Tata Motors plots EV growth beyond FAME 2 subsidies | Autocar Professional


Tata Motors, India’s largest commercial vehicle manufacturer, is shifting its electric vehicle (EV) strategy to focus on generating demand without relying on government incentives, according to comments by Girish Wagh, Executive Director, during a post-earnings call.

The comments come as FAME 2, a key government scheme promoting EV adoption, expired in March 2024. To address the gap, Tata Motors launched a new 1-tonne variant of its ACE electric small commercial vehicle (SCV). While 17% more expensive than the previous 600 kg FAME-subsidized variant, the company claims a 30% improvement in Total Cost of Ownership (TCO) for customers.

“We were preparing for this post-FAME environment and have launched an exciting range of products,” Wagh said, highlighting Tata Motors’ proactive approach.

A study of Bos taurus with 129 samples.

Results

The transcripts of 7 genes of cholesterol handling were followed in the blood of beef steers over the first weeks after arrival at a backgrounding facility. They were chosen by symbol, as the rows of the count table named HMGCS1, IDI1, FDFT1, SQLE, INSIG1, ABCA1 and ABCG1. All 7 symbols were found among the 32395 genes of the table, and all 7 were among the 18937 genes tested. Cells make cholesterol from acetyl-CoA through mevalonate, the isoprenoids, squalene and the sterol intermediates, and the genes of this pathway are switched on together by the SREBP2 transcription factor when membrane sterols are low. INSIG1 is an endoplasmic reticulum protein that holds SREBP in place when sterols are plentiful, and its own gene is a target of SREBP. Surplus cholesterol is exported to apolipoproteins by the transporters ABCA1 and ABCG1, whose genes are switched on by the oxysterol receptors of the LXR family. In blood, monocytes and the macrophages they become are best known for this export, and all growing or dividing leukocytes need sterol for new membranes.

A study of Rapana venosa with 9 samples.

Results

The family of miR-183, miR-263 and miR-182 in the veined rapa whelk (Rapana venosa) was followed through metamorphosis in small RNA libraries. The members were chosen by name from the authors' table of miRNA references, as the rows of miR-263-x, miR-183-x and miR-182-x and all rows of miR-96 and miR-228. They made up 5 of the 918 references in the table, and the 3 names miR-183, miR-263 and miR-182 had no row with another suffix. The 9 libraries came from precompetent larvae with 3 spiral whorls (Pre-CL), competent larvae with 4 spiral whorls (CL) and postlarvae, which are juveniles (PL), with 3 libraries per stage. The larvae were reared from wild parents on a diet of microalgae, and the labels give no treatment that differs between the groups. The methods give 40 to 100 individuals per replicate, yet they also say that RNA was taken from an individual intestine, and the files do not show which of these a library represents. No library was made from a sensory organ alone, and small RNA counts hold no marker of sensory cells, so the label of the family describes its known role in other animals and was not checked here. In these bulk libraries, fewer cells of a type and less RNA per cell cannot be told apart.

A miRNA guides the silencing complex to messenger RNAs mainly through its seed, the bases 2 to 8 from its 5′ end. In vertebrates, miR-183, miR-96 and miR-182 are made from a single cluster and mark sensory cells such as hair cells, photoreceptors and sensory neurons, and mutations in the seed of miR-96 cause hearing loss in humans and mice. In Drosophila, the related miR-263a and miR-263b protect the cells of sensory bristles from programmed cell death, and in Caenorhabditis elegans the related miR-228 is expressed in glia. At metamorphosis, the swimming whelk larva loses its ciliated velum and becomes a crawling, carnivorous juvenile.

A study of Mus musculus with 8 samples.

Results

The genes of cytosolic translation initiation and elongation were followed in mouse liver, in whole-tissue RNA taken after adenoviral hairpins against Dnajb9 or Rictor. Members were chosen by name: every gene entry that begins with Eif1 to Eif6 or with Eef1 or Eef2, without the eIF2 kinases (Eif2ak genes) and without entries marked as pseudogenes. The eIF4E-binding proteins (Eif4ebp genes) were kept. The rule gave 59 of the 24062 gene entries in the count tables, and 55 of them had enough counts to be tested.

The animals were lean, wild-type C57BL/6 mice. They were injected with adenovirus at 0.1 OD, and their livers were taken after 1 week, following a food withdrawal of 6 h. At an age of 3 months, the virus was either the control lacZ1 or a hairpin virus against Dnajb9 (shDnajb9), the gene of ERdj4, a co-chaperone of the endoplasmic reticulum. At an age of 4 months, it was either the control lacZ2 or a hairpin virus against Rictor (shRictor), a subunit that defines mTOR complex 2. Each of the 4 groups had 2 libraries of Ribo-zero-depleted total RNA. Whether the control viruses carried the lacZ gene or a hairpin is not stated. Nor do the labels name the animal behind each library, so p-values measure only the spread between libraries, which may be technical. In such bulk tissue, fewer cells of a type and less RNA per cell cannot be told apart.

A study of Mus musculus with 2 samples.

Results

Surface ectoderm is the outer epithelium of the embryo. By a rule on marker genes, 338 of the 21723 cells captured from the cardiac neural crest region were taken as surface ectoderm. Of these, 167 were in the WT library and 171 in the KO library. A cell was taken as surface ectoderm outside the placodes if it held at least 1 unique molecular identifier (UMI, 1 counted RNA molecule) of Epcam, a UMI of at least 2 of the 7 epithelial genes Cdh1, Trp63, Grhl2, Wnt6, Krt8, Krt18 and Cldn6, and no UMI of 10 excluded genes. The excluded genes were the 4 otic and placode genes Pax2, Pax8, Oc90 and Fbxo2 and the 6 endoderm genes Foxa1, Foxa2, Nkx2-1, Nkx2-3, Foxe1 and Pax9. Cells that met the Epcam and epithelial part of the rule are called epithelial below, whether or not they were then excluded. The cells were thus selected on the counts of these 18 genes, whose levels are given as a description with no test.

The company boasts over 4,300 ACE EVs on Indian roads, accumulating 16 million kilometers and clocking high repeat purchase orders. Additionally, Tata Motors is a leader in electric buses, deploying over 1,700 units in FY24, bringing its total fleet to 2,600, which have cumulatively covered over 140 million kilometers.

“Going ahead, we continue the engagement with government agencies,” said Wagh, expressing confidence in the payment security mechanism for electric buses. He added, “We are now working on options for the asset-light business model,” hinting at potential participation in future tenders with a focus on operational efficiency.

Tata Motors’ comments signal a strategic shift towards building a sustainable EV business model independent of government subsidies. The focus on TCO and exploring asset-light options suggests the company is confident in the long-term viability of its electric vehicle portfolio.